12.11.20


Like London buses, you wait months for a proper good news story and then two absolutely belters come along at once. Hot on the heels of confirmation that Joe Biden had defeated Donald Trump for the US Presidency came news this week of a breakthrough in the search for a Covid vaccine. For some, such a rapid surge in optimism could see them reaching for the smelling salts.

Of course, it would be sensible for now to defer judgment on the vaccine, but the early signs are undeniably promising. Biden’s victory, or Trump’s defeat, however you wish to view it, is, however, one to be savoured in the moment.

Over five days and nights, it was a struggle to tear oneself away from the unfolding excitement, with CNN’s output proving alarmingly addictive. Each will have their own favourite moment from the slow-motion demise of this most divisive and corrosive of presidencies, but for me it was the sight of Trump supporters demanding to “stop the count” in states where their man was ahead while bellowing “count the votes” in those contests where he was behind. Priceless.

Counting all the votes in an election should not be a controversial notion in any self-respecting democracy. Making allegations of election fraud requires hard evidence. And simply taking to Twitter to assert you have won the election while millions of votes have still to be counted has as much credibility as me boldly declaring that Sanday won the Parish Cup this year.

This, though, is an end game of Trump’s creation. For months, Trump falsely claimed postal voting was wide open to abuse with the result that most of his supporters rejected this option. Biden capitalised by signing up unprecedented numbers for mail-in ballots, increasing the likelihood of those votes being cast, particularly in the midst of a pandemic. Trump may cry foul but he has no-one to blame but himself.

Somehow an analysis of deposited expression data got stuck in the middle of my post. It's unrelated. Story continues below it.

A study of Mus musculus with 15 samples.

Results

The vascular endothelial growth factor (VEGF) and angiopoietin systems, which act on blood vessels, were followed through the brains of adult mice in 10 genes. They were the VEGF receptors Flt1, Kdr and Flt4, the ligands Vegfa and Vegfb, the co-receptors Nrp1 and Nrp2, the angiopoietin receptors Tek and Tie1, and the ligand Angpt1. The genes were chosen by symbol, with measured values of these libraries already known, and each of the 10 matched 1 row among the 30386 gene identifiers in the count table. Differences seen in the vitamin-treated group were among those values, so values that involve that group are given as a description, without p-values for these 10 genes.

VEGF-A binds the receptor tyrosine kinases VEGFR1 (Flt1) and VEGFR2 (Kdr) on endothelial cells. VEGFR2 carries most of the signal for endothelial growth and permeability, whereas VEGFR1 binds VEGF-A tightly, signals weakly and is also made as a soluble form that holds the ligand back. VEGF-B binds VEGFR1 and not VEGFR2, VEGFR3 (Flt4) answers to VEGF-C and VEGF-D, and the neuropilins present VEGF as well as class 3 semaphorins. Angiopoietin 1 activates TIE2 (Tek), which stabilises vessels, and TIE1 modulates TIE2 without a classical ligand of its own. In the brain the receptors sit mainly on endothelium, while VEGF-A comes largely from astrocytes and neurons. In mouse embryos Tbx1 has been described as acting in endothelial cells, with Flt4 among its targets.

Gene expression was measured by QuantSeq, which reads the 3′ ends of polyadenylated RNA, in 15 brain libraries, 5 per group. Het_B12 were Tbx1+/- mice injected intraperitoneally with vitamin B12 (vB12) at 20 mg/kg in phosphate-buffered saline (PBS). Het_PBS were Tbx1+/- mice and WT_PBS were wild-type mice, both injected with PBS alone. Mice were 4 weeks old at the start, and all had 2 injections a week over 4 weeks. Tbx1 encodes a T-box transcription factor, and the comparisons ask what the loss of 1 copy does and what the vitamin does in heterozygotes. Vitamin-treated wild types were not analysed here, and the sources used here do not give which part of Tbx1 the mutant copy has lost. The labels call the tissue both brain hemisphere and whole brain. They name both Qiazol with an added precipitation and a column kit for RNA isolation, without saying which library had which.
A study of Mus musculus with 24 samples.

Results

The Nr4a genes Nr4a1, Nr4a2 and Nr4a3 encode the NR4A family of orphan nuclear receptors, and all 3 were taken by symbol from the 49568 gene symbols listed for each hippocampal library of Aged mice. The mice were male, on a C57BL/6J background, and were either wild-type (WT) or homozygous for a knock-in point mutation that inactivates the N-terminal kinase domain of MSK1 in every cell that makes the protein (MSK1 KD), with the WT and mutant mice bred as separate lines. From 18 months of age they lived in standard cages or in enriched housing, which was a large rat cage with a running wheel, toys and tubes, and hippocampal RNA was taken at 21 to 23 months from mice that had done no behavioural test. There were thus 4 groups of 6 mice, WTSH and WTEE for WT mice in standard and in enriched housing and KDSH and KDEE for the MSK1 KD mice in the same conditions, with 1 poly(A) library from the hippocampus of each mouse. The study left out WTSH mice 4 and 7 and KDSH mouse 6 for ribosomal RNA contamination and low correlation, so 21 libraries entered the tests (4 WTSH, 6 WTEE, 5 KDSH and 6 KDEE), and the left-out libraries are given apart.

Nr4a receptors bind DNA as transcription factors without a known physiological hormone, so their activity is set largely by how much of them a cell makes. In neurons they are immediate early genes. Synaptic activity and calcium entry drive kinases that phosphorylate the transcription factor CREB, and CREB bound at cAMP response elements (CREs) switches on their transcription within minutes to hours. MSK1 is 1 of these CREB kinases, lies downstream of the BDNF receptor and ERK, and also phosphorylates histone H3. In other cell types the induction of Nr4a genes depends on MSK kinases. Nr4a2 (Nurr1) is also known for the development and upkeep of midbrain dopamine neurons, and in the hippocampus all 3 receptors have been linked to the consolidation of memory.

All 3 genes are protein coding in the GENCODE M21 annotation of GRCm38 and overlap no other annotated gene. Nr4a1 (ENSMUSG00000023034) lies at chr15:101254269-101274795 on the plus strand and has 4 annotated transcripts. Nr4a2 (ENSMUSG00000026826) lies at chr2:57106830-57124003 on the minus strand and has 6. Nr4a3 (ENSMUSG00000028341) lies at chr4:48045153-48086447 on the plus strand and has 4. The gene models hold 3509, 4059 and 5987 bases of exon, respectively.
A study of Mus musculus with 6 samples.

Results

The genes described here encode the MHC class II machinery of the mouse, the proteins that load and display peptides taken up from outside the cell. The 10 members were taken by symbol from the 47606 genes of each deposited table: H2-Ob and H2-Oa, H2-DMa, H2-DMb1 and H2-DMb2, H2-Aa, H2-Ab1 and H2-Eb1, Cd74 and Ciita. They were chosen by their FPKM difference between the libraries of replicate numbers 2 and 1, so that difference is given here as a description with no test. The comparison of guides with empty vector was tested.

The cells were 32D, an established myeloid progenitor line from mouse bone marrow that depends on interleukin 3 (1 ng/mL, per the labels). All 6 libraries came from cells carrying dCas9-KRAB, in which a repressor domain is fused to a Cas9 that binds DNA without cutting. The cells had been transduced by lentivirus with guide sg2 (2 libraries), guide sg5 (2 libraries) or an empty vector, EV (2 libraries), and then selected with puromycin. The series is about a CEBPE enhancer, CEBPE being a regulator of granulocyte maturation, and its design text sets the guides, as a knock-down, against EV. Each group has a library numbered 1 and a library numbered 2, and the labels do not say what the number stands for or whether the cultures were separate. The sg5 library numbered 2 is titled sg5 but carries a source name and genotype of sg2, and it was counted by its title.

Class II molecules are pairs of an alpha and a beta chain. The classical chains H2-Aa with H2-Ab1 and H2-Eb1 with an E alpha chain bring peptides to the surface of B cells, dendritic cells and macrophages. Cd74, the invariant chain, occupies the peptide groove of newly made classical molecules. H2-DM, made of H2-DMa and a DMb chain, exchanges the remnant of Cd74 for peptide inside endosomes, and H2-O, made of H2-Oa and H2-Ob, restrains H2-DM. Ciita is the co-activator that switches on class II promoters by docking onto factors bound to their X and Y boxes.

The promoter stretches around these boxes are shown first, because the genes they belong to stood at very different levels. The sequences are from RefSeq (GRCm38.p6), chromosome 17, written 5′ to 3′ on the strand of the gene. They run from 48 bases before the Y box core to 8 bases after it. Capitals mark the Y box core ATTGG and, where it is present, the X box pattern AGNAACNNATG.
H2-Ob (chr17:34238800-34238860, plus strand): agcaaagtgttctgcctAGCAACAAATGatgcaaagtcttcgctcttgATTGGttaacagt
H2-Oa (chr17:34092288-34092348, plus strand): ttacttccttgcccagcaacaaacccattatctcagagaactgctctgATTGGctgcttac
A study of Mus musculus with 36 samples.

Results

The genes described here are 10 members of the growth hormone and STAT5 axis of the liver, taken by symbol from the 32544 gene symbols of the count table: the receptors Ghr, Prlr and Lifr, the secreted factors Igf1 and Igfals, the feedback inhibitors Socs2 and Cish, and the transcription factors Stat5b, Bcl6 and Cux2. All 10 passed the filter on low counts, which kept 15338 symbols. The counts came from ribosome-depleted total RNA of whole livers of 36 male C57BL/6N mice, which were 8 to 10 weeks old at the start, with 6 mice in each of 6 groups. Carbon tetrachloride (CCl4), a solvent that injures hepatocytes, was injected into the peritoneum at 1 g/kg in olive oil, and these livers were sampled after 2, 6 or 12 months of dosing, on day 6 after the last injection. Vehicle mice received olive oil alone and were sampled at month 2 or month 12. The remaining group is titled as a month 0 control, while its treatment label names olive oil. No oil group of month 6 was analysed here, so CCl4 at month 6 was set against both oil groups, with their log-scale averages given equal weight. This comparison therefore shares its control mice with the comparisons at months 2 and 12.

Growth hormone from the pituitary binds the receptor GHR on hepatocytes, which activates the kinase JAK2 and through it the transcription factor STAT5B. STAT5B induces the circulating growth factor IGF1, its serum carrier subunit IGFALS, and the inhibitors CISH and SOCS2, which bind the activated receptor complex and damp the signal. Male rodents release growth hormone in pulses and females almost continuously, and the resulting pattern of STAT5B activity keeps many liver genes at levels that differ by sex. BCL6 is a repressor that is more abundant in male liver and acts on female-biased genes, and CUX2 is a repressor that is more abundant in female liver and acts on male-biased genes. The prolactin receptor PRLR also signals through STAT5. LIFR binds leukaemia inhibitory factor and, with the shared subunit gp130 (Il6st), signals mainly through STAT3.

As decisive as the victory has been, however, it’s not the overwhelming repudiation of Trumpism that Democrats, and others worldwide, had craved. The President’s tally of 70m votes is the largest for a US presidential candidate, save for the 73m amassed by Joe Biden. This remains a deeply and fiercely divided country.

So it has been good to hear the President-elect talk repeatedly about the need to put aside the rhetoric of the campaign and to heal divisions. Along with Kamala Harris, destined to be the first female Vice President, Biden is expected to appoint a broad-ranging Cabinet, possibly drawing from Republican ranks as well. Yet, many in both camps are in no mood to set aside their differences.

From a parochial perspective, the implications for the UK remain unclear, but the Prime Minister has certainly lost his White House ally over Brexit. Biden has also made plain his determination to intervene should the UK’s withdrawal from the EU imperil the Good Friday Agreement or peace in Northern Ireland. Moreover, a US-UK trade deal does not look high on the President-elect’s list of priorities.

On a more positive note, we can look forward to US re-engagement both in the World Health Organisation and on global efforts to combat climate change. On immigration too, a change of tone as well as substance seems likely.

And that change of tone matters. Biden won this election in part because many American voters are exhausted by the antics of the President. They are tired of his endless boasting and baiting; of politics delivered in CAPITAL LETTERS, in your face and at all hours of the day. They want a rest. Cue Sleepy Joe Biden.

I was struck by Biden’s reminder to Americans at the weekend that, in politics, they may have “opponents” but not “enemies”. For me, it was a poignant echo of remarks made by Jim Sillars on behalf of his late wife, Margo Macdonald at her memorial service. Back in April 2014, the independence referendum campaign was reaching boiling point: divisions in communities, workplaces and households were increasingly evident. Since then, of course, Brexit has only served to entrench those divisions while opening others.

Perhaps we could all do with a little more calm in our politics for a while.